Unfortunately appropriate personal nutrition is as unique as the character of any given person and the CNPP has failed to address this issue. It is rather misleading and borderline negligent for any nutritional expert to suggest that a proper diet fit into a pre-fabricated category. The CNPP has attempted to circumvent this notion by asterisking this information in the fine print at the bottom of their webpage. Furthermore, there are absolutely no distinctions made between the health values of consuming organic fruit versus non organic produce. It is seldom readily acknowledged and advertised that the poisons used in protecting and yielding conventional foods are actually absorbed and become a part of those foods. organic food should be its nature. Acquiring and eating organic food is actually far healthier to the general constitution of the body than eating conventionally created foods. The results are fewer major health problems as aging progresses such as unexpected cancers. The resulting effect of their campaign efforts to educate Americans is misleading and potentially more harmful than helpful.

The USDA has failed to recognize and promote the more apt and applicable notion of nutrition as preventative medicine. Their campaign to educate fails to grasp that it is not only the amount of food but also, and possibly more importantly, the quality of the foods that we eat that contribute to a nutritionally balanced personal diet. There is no mention or discernment anywhere in the literature of the new food guidelines between selecting organic or non-genetically modified food choices contrasted with conventionally marketed foods. The failure to distinguish between these very real food options is an oversight that does a great disservice rather than to assist.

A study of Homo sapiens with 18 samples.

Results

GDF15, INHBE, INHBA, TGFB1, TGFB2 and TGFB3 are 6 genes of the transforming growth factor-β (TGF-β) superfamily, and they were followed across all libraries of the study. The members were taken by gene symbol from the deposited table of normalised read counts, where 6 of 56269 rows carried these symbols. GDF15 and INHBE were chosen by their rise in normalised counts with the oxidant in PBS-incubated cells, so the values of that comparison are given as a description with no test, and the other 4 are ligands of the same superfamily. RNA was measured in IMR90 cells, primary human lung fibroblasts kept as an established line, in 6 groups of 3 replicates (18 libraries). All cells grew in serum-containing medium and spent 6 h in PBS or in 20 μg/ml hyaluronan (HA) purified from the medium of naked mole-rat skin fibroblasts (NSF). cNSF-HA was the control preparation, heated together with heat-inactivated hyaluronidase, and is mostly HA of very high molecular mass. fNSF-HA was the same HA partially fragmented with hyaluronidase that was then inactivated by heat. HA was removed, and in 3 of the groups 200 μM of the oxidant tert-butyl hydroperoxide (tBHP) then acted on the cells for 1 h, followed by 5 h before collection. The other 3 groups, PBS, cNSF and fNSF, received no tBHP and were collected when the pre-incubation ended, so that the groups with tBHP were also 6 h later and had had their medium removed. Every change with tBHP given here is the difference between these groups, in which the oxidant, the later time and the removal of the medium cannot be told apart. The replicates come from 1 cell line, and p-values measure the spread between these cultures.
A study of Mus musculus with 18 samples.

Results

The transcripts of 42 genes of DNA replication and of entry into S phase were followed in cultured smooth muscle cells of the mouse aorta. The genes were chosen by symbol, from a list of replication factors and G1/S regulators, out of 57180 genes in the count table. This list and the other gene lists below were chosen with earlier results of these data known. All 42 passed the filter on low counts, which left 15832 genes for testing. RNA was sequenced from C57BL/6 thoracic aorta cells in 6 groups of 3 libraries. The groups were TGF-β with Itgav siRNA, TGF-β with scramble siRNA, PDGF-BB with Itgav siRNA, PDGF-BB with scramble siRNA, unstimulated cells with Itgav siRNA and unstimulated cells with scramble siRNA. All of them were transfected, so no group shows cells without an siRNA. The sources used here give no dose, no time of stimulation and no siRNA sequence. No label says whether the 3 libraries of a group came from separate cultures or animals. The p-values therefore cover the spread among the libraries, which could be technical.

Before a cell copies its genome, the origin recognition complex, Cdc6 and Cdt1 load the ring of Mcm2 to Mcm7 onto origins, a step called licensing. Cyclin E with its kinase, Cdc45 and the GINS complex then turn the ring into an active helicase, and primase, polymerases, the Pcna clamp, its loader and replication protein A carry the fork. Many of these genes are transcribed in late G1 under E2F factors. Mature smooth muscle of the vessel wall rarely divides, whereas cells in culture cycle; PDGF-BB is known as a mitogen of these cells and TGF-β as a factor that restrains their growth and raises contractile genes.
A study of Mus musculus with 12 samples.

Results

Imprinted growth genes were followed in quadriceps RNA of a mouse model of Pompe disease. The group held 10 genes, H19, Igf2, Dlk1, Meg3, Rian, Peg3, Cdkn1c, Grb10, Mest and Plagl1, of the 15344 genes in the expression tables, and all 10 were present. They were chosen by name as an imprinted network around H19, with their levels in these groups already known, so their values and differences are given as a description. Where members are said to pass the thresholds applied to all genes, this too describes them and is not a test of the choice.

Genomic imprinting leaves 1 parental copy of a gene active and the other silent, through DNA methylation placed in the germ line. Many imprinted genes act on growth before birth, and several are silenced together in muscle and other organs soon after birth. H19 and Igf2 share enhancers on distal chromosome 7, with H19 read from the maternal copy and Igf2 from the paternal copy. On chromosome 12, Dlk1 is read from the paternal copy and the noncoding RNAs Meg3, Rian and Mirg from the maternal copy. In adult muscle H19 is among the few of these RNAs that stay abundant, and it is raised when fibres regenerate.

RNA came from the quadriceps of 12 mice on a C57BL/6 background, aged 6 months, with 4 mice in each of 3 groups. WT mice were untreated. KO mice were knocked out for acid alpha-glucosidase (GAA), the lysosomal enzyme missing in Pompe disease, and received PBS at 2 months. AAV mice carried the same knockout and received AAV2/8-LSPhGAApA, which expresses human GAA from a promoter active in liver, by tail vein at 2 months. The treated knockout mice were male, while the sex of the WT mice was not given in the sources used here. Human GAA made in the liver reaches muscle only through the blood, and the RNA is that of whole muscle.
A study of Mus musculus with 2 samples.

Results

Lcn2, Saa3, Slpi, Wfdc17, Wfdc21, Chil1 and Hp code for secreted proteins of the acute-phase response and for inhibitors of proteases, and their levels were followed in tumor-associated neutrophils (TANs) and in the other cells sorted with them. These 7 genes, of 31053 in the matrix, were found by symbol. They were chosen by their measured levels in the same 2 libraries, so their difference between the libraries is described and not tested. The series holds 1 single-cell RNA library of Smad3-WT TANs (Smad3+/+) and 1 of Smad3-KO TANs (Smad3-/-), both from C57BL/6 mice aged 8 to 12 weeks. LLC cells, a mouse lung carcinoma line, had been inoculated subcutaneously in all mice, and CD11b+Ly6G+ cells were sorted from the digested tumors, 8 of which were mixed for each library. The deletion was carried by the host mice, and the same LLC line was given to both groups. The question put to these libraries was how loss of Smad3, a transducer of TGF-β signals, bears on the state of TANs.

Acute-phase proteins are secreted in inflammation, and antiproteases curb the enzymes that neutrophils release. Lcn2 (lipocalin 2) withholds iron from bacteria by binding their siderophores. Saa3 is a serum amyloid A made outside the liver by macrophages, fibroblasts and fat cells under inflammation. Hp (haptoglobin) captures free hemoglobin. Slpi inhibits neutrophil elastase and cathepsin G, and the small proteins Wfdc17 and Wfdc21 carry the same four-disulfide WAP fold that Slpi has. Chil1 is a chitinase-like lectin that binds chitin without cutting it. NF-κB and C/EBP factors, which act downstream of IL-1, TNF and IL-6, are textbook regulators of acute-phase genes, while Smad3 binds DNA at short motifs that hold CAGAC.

The USDA may find itself in a bind due to the fact that the American government in some instances prioritizes big business needs over its citizen's welfare. A nutritionally rich and healthy diet is most directly linked to nutritionally diversified organic food consumption whether it is shopping at the markets, or dining in restaurants. An appropriately informed customer base should opt to purchase natural and organic foods as the healthier option over tainted conventional food choices. The USDA has failed the American citizens they are tasked to inform by oversimplifying their information and failing to make distinctions between natural and organic food and conventional foods.


Natural and organic foods provide a much healthier option to consumers with less negative environmental impact yet are often time much more difficult to obtain. Big business has a lot to say about how and what are provided in the marketplace as the pressure to keep expense down pervades the industry. Until the USDA begins to discern for its citizens between organic food and more polluted options they are failing to accomplish their stated objectives and their efforts remain ineffective at best, if not detrimental.